It’s back to school in the back seat of a car for one Nipomo family.
The Martinez family is still working to get WiFi to support all five of their kids’ distance learning needs, si for the first week of school, classes were attended in the car outside Dana Elementary School.
With a new school year underway, WiFi is essential for students to log on to virtual classes, but even with one district-provided hot-spot, it wasn’t enough for the family of seven during the first week.
“It's hard because I get distracted,” said Alex Martinez, a fourth-grader at Dorothea Lange Elementary.
He and his older sister, Aleah, are learning multiplication while sitting in a car in the middle of a heatwave with the air conditioner cranked.
“There’s not that much space and it’s uncomfortable,” said Aleah Martinez, a fifth-grader at Dorothea Lange.
Their at-home WiFi isn't enough to support all five kids, so for the time being, mother Andrea takes four of them to parking lots with stronger connectivity.
“They need to learn more and more. This is why I come here,” Martinez said.
The first week of school took place in the parking lots of Dana Elementary School and Starbucks where you can access the internet without having to go inside.
Pandemic-induced distance learning is one of the many struggles families are facing.
“It's difficult because the kids don't want to stay in the car for a long time,” Martinez said.
It's time she could use for her other responsibilities.
“I need to clean the house and make the food,” she said.
Instead, she spends that time making sure her kids aren't marked absent from class.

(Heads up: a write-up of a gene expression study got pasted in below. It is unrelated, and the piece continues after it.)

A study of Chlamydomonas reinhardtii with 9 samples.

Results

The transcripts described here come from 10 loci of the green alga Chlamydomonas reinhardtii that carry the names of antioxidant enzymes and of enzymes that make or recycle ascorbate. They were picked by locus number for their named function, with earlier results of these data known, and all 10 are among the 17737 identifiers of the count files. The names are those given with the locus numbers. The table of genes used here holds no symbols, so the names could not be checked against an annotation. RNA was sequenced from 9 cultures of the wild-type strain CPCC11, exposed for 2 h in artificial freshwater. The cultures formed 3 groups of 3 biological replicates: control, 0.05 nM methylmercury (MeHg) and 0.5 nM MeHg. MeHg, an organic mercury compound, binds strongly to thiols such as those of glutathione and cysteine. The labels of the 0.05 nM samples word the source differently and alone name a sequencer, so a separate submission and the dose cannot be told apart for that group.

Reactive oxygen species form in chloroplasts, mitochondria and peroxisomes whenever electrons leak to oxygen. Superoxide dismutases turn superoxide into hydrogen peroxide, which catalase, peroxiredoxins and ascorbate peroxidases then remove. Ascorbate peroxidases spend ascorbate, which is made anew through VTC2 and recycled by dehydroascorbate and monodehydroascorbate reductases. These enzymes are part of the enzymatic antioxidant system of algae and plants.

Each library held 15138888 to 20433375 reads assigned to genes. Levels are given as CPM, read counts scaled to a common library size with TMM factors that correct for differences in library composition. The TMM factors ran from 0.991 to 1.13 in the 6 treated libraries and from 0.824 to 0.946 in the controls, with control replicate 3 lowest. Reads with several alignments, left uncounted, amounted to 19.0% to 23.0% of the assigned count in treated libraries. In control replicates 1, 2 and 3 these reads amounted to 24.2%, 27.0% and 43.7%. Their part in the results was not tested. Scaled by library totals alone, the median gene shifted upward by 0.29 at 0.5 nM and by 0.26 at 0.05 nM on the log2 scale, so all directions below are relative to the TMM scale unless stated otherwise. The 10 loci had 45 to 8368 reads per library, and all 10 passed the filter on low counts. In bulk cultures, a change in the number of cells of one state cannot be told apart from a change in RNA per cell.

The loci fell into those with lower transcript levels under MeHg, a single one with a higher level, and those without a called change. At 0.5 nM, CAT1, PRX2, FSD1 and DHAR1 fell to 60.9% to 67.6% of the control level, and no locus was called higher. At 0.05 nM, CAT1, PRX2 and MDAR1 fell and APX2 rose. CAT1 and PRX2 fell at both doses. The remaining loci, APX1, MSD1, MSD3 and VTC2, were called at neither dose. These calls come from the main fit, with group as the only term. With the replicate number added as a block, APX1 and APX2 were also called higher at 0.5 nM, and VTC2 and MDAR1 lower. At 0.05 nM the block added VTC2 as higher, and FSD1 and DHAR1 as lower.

Educators with the Lucia Mar Unified School District say they're working to distribute 350 WiFi hot-spots to families in need with 250 more on the way.
“As people are starting school and seeing what school really looks like, we have been receiving additional requests for more,” said Hillery Dixon, Assistant Superintendent of Curriculum for the Lucia Mar Unified School District.
The Martinez family says they already got their WiFi hot-spot, but one is not enough for five kids.
Martinez said this week was particularly hard getting all the kids connected to their classes, but she hopes next week will be better once stronger WiFi is installed in the home.
“We do have some families out there who continue to struggle with the distance learning model and it's very important to us to find out who is struggling, what the challenges are, so we can troubleshoot those challenges,” Dixon said.
District officials said a WiFi hot-spot supports two to three kids, but a family can get more than one if needed.